Lotusland gardens provide muse for local artists
“Sanctuary: From the Garden, for the Garden,” an art sale and gallery exhibition to benefit Ganna Walska Lotusland, will open Thursday, which is Earth Day, and continue through May 3.
It can be viewed online at www.lotusland.org/sanctuary or in person at GraySpace Gallery, 219 Gray Ave., in the Funk Zone.
On display are the works of 36 local artists who were invited to create new pieces inspired by the gardens at Lotusland. They were given three days to visit the Montecito site and eight weeks to create, capture and complete their muse.
Blakeney Sanford, Paulo P. Lima, Baret Boisson and Jessica June Avrutin were among the artists who responded.
“Lotusland has always been a sanctuary for me, a source of inspiration, magic and creative vision connected to the farthest reaches of the natural world. It seems only fitting that ‘The Portals’ would emerge within this fantastical space. I am grateful to have had time alone in the garden to create for ‘Sanctuary,’ witnessing the light change and the thoughtful gardens come to life. I am honored to be included as an artist in support of Lotusland and the unique experiences that this treasure provides for our community,” said Ms. Sanford, whose work is titled “The Portals: An Entrance-Lotusland.”
Mr. Lima’s inspiration to create “The Lady of the Lake,” a paper mache sculpture, came from various gardens at Lotusland.
“The tranquility of the Japanese garden with its koi fish and serene pond reminded me of the Buddhist traditions I grew up with. The koi fish and the Buddha images around the garden inspired me to design a figure that symbolizes balance,” said Mr. Lima. “As I meandered through the property, I came across the lotus pond. I could not resist the symbolic image of the lotus flowers and lilies, which grow out of the muddiest ponds into beautiful and strong beings.
“Living as an artist during the pandemic reminds me a lot about that idea of something great (and beautiful) emerging from the darkest times. With my design, I am striving to create a mystical figure that embodies tranquility, balance, hope and a positive attitude towards adversity. I hope she can find a wonderful home to go to.”
Ms. Boisson created “ETAERIO,” using acrylic, oil, ink and glitter on canvas.
“Creating a piece for this Lotusland show during this time in history presented itself with the acute awareness of the trauma we’ve collectively experienced over the past year. And while the lotus flower remains the perfect metaphor for regeneration and rebirth, I was drawn to the lotus pod for this piece instead,” she said.
“To be sure, never has the ‘pod’ been more relevant during this time of semi-isolation. We’ve been living in our pods, celebrating our pods, and children have been attending school within their pods. So the painting is really an ode to this period in time, a marker that we have all been in this together and a celebration of resilience.”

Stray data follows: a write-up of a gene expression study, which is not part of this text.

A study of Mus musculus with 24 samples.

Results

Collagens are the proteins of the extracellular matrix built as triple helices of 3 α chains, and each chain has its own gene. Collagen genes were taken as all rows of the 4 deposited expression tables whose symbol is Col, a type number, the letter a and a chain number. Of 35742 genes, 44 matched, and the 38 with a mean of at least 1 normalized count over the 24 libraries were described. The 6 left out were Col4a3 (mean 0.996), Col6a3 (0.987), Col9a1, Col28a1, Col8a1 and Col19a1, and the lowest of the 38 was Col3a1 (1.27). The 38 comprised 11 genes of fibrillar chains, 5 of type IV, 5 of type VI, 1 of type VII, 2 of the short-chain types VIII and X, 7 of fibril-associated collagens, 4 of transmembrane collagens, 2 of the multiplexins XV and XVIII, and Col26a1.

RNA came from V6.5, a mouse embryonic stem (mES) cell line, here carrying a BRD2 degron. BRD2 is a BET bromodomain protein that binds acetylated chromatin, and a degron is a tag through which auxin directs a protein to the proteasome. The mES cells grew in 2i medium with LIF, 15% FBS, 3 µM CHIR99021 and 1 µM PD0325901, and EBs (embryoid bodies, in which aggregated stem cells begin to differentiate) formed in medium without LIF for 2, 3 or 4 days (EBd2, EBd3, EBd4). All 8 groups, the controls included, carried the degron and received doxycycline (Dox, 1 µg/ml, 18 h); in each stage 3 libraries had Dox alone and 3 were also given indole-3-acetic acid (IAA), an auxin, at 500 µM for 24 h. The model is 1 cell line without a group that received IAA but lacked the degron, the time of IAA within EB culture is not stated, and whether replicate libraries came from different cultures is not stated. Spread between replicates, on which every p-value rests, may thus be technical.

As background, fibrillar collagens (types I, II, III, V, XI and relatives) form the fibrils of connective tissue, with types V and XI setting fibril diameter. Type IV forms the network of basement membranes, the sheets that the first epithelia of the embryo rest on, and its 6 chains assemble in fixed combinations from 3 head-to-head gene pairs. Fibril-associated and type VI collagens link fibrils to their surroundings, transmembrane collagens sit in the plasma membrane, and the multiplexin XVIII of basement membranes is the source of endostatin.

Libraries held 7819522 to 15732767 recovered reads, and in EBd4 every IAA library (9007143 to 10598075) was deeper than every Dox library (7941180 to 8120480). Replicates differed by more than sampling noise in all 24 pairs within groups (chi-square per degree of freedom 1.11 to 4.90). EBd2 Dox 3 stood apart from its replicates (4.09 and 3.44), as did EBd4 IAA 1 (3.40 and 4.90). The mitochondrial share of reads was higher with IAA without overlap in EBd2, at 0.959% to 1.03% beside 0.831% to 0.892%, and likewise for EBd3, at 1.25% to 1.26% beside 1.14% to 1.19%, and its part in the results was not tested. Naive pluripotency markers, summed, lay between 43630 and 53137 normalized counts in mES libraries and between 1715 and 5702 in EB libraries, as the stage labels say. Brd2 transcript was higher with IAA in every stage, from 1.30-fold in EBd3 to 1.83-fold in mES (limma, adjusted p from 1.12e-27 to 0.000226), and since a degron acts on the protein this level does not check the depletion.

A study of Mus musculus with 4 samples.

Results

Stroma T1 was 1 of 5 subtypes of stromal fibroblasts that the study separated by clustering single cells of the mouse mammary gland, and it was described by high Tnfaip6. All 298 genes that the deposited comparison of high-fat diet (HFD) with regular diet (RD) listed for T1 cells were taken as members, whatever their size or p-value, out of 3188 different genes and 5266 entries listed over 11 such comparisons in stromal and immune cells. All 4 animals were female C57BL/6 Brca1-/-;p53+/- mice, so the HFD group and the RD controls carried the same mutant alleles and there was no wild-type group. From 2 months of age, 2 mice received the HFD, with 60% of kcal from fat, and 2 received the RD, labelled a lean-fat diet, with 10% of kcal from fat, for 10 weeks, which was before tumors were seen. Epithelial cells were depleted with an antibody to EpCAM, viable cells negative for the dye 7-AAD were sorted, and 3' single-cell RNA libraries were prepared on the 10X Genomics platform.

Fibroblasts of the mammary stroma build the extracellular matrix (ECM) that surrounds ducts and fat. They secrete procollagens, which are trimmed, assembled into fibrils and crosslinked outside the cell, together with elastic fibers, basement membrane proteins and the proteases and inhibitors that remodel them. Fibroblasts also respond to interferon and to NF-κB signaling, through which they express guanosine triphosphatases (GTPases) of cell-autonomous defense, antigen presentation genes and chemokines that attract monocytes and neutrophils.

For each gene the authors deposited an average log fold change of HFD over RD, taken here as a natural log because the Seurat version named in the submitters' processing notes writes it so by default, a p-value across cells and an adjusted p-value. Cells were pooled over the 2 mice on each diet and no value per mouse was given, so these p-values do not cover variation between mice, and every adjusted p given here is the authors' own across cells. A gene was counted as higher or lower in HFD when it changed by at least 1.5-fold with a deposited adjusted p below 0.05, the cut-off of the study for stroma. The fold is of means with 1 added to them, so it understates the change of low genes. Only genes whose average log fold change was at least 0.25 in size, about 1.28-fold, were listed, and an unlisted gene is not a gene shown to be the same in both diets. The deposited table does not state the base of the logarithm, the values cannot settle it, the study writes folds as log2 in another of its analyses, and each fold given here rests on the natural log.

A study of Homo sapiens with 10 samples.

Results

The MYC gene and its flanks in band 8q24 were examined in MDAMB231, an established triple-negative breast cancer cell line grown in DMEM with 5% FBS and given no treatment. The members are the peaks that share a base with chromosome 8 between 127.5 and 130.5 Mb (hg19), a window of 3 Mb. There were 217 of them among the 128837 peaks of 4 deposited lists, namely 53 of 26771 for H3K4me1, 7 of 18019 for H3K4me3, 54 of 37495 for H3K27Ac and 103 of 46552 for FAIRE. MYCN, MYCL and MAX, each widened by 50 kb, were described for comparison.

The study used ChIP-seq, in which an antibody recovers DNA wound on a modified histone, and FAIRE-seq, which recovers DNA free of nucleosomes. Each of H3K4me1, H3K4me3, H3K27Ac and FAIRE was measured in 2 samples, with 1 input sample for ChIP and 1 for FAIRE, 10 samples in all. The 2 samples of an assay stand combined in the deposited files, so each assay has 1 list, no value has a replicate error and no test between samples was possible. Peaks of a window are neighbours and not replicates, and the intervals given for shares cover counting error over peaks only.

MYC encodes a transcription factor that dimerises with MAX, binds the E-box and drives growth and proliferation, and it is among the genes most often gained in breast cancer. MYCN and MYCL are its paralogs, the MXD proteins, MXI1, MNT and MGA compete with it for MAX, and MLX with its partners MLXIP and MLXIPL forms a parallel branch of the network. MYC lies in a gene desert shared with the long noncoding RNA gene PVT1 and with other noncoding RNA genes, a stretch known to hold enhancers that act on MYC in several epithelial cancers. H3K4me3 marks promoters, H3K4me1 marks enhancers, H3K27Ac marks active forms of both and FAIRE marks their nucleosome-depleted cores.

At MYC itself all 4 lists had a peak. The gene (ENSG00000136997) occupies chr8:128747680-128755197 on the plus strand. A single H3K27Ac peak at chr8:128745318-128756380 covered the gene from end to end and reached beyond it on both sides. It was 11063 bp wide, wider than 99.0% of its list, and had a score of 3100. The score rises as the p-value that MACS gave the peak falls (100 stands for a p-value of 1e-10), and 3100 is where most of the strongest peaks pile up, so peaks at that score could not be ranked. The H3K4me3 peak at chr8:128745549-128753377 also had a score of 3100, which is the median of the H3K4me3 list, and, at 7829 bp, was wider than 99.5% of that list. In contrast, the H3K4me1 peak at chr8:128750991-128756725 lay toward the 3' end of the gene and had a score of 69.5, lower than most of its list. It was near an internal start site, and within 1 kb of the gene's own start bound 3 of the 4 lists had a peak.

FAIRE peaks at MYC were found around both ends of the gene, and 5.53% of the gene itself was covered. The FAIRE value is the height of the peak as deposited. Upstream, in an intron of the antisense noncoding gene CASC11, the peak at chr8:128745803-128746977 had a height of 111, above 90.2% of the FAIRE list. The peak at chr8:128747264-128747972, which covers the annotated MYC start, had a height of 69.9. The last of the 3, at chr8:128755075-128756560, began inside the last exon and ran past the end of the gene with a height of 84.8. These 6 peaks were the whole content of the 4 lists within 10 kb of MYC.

For Ms. Avrutin, “walking alone through Lotusland on those quiet Monday mornings felt like falling into a secret world. It was truly sensory overload at every turn — layers upon layers of colors and textures and smells.”
She has four watercolors in the show: “Cycad Garden,” “Estate Entrance,” “Rose Parterre” and “Path to Aloe Garden.”
Other participating artists include R. Nelson Parrish, Michael Adcock, Taiana Giefer, Skip Smith, Meredith Brooks Abbott, Phoebe Brunner, Robert Abbott, Rick Garcia, Leslie Lewis Sigler, Ruth Ellen Hoag, Joan Rosenberg-Dent, Kerrie Smith, Michael Haber, Lindsey Ros, Manjari Sharma, Bobbi Bennett, Connie Connally, Inga Guzyte, Maria Rendon, Cara Bonewitz, Lynda Weinman, Erika Carter, Cathy Moholm, Luis Alberto Velazquez, Sophie Gibbing, George Leo Sanders, Ro Snell, Olivia Joffrey, Lily Hahn, Whitney Hansen, Whitney Brooks Abbott and Ryan Shand.
Ashley Woods Hollister and Casey Turpin volunteered to curate the show.
“Our goal was to contribute to the success of Lotusland’s horticultural care, as well as providing education to others about best practices and philosophies to support sustainability,” said Ms. Hollister, who has supported local artists through her work with Art From Scrap and as the former director of the Morris Squire Foundation.
Ms. Turpin is an avid volunteer in the Insectary Garden at Lotusland.
Funds raised at the sale support Lotusland’s sustainability programs, which promote and teach individuals, groups, gardeners and institutions about the best methods and practices in horticulture, environmental responsibility and stewardship.
“In response to the pandemic and the shortfalls we experienced as a result, we needed to rethink fundraisers. With a desire to connect the community to our mission, we dreamed up this concept for a new benefit event with participating artists from our region,” said Rebecca Anderson, Lotusland executive director.
“We view this online sale and show as a way to foster connection with Lotusland’s supporters, to engage and encourage local artists and to sustain the garden’s important sustainability programs.”